Young Izah saves goals to ensure no girls miss school
Izah Roux, a 13-year-old learner at Durban Prep (DPHS) in KwaZulu-Natal, is on a mission to make a difference.
After recently learning about puberty at school, he realised that several of his female school friends were forced to miss school days during their monthly menstrual cycles.
A boy with an inquiring mind, Izah confesses to having “a ton of questions for my mom.”
Upon learning that access to sanitary pads in many cases determined whether girls made it school or not, he was determined to do something about it.
“I don't like staying at home for anything and knew I needed to do something to help other kids’” reflects Izah.
“I’m also the kind of person that dreams about changing the world, so I believe in showing people kindness and trying to really understand other people's problems.”
After chatting to his mother, Izah and his brother Akani did a Sanitary Drive for St Augustine School for girls.
“We managed to collect 500 packs of pads, but I knew I wanted to do even more,” enthuses Izah.
As a talented sportsman and goalie on his school water polo team, Izah sensed an opportunity.
“With the 37th national South African College High School (SACS) water polo tournament approaching in October, I pledged ten packs of sanitary pads for every goal I saved during the tournament.”
By the end of the tournament, Izah had saved 48 goals!
Engen, who are a long-standing supporter of the Imbumba Foundation’s Caring4Girls feminine hygiene initiative, were inspired by the young goalie’s actions, pledging to match what he raised.
According to Khalid Latiff, Engen's General Manager: Corporate Strategy & Communications, the company was deeply moved to hear about Izah’s pledge to ensure that no girls miss school due to their menstrual cycles.
“By advocating for girls in this way, Izah is truly being the change he wants to see in the world,” says Latiff.
Inspired to help, Engen partnered with Caring4Girls and donated a one-year’s supply of sanitary pads to all 268 grade 4-7 learners at Rippon Primary school in Durban.
“As Engen, we are humbled to play a small role supporting Izah’s initiative,” continues Latiff.
“As a company we believe in the power of education to uplift marginalised sections of our society because a country which is educated is a country that will prosper.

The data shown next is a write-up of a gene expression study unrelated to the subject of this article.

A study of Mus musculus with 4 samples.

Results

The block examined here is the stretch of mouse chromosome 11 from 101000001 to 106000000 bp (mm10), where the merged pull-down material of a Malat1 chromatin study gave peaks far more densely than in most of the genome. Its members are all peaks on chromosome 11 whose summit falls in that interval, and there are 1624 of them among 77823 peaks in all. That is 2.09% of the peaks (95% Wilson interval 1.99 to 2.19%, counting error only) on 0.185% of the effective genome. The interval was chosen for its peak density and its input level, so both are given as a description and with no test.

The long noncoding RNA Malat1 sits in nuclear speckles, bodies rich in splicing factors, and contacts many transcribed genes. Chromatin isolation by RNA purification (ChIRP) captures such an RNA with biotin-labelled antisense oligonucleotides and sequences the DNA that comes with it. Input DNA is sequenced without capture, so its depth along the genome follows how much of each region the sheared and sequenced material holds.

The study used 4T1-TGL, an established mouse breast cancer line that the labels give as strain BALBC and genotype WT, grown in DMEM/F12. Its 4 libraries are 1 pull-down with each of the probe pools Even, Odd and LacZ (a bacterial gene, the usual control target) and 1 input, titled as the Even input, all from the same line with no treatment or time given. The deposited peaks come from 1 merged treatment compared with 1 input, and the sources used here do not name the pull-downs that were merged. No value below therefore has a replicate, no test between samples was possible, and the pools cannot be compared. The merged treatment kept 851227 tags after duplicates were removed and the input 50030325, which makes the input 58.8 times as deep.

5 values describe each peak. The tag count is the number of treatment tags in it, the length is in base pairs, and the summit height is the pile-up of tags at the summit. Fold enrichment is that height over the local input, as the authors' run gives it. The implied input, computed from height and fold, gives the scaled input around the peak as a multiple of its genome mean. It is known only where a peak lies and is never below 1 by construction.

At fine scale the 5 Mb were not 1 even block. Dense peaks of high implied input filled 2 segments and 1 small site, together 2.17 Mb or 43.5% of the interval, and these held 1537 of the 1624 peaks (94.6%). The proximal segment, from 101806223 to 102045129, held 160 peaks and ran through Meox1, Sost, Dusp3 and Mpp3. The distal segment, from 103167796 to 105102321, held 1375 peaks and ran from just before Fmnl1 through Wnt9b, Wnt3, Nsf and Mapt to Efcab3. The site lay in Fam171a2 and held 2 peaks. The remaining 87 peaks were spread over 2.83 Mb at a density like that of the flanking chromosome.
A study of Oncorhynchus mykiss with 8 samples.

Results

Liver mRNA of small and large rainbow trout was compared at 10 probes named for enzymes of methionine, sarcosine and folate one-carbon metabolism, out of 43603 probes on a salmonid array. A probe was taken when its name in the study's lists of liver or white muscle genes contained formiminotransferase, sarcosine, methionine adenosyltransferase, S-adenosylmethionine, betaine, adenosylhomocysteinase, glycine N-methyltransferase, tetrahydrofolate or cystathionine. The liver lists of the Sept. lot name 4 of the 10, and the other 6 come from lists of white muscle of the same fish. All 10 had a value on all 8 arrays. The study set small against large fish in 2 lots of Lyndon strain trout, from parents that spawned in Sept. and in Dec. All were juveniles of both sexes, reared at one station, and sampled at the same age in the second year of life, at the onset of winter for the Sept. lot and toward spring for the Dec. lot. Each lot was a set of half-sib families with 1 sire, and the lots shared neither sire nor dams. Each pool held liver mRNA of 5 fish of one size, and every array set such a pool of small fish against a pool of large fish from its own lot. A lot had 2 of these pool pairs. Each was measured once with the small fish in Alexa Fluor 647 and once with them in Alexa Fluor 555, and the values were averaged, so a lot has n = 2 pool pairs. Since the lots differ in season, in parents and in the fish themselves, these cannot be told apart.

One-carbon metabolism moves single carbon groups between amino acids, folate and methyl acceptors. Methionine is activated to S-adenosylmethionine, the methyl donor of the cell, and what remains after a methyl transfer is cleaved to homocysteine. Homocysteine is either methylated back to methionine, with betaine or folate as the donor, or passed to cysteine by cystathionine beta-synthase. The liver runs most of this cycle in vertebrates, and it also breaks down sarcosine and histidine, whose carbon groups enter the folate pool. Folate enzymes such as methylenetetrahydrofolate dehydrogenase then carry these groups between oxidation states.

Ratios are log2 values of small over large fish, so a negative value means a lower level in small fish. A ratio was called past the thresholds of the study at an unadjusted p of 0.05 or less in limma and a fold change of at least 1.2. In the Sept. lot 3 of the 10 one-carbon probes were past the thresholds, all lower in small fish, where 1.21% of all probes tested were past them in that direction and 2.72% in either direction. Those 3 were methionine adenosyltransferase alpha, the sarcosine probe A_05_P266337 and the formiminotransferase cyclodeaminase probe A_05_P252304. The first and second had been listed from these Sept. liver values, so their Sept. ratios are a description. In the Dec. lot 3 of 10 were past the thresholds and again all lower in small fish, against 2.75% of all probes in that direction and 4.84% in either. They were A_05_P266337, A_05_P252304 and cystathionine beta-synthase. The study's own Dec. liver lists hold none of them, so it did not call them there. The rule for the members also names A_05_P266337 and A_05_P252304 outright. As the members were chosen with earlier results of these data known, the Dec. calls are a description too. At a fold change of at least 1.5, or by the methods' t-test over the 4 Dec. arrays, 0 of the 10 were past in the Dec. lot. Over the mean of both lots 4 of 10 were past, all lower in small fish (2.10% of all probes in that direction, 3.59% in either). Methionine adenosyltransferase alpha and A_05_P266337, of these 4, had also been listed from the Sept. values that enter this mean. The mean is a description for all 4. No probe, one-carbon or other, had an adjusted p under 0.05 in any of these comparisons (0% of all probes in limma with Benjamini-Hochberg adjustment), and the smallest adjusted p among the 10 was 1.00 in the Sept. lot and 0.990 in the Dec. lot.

Over the past four years Engen has pledged R3.5 million to Caring4Girls, with approximately 24 065 female learners receiving support to date, across all nine South African provinces.
Research shows that underprivileged girls miss up to 50 days of school per year due to inaccessible feminine hygiene care.
According to a Harvard Business Review article entitled: How Men Can Become Better Allies To Women, when men are deliberately engaged in gender inclusion programs, 96% of organizations see progress — compared to only 30% of organizations where men are not engaged.
“We cannot thrive as a society if some of our female learners are left behind because they are unable to attend school due to feminine hygiene issues, which is why we are proud to partner with Izah and the Imbumba Foundation and contribute to this meaningful initiative,” adds Latiff.
Imbumba Foundation CEO, Richard Mabaso says the Caring4Girls programme creates a voice for girls in addition to distributing sanitary materials.
“Caring4Girls also provides health education on puberty and adolescence, to demystify menstrual related myths and break down societal taboos, whilst promoting positive body literacy and autonomy, as well as gender equality.”
Mabaso acknowledged Engen for its compassion for young girls and thanked them for once again for making a generous contribution towards the initiative.
Continues Mabaso: “Engen really is a brand that steps up where it matters and truly cares about the less fortunate.”
As a company, Engen champions the UN’s Sustainable Development Goals (SDGs), including SDG 4 – Quality Education, which aims to ensure inclusive and equitable quality education and promote lifelong learning opportunities for all; and SDG 5 – Gender Equality, which aims to end gender inequality through actions that eliminate discrimination that curtail women’s rights in both the private and public spheres.
Comments Latiff: “Engen is keenly aware that access to quality education and gender equality is everybody’s business, and that it owes it to its employees, customers, and broader society to make every effort to drive positive change.
“This is why Engen is so passionate about Caring4Girls because it helps uplift and empower female learners.
Caring4Girls is endorsed by the Department of Basic Education.
The programme focuses on education and training on puberty and menstrual hygiene management, and includes the safe and environmentally responsible handling, usage and disposal of sanitary towels.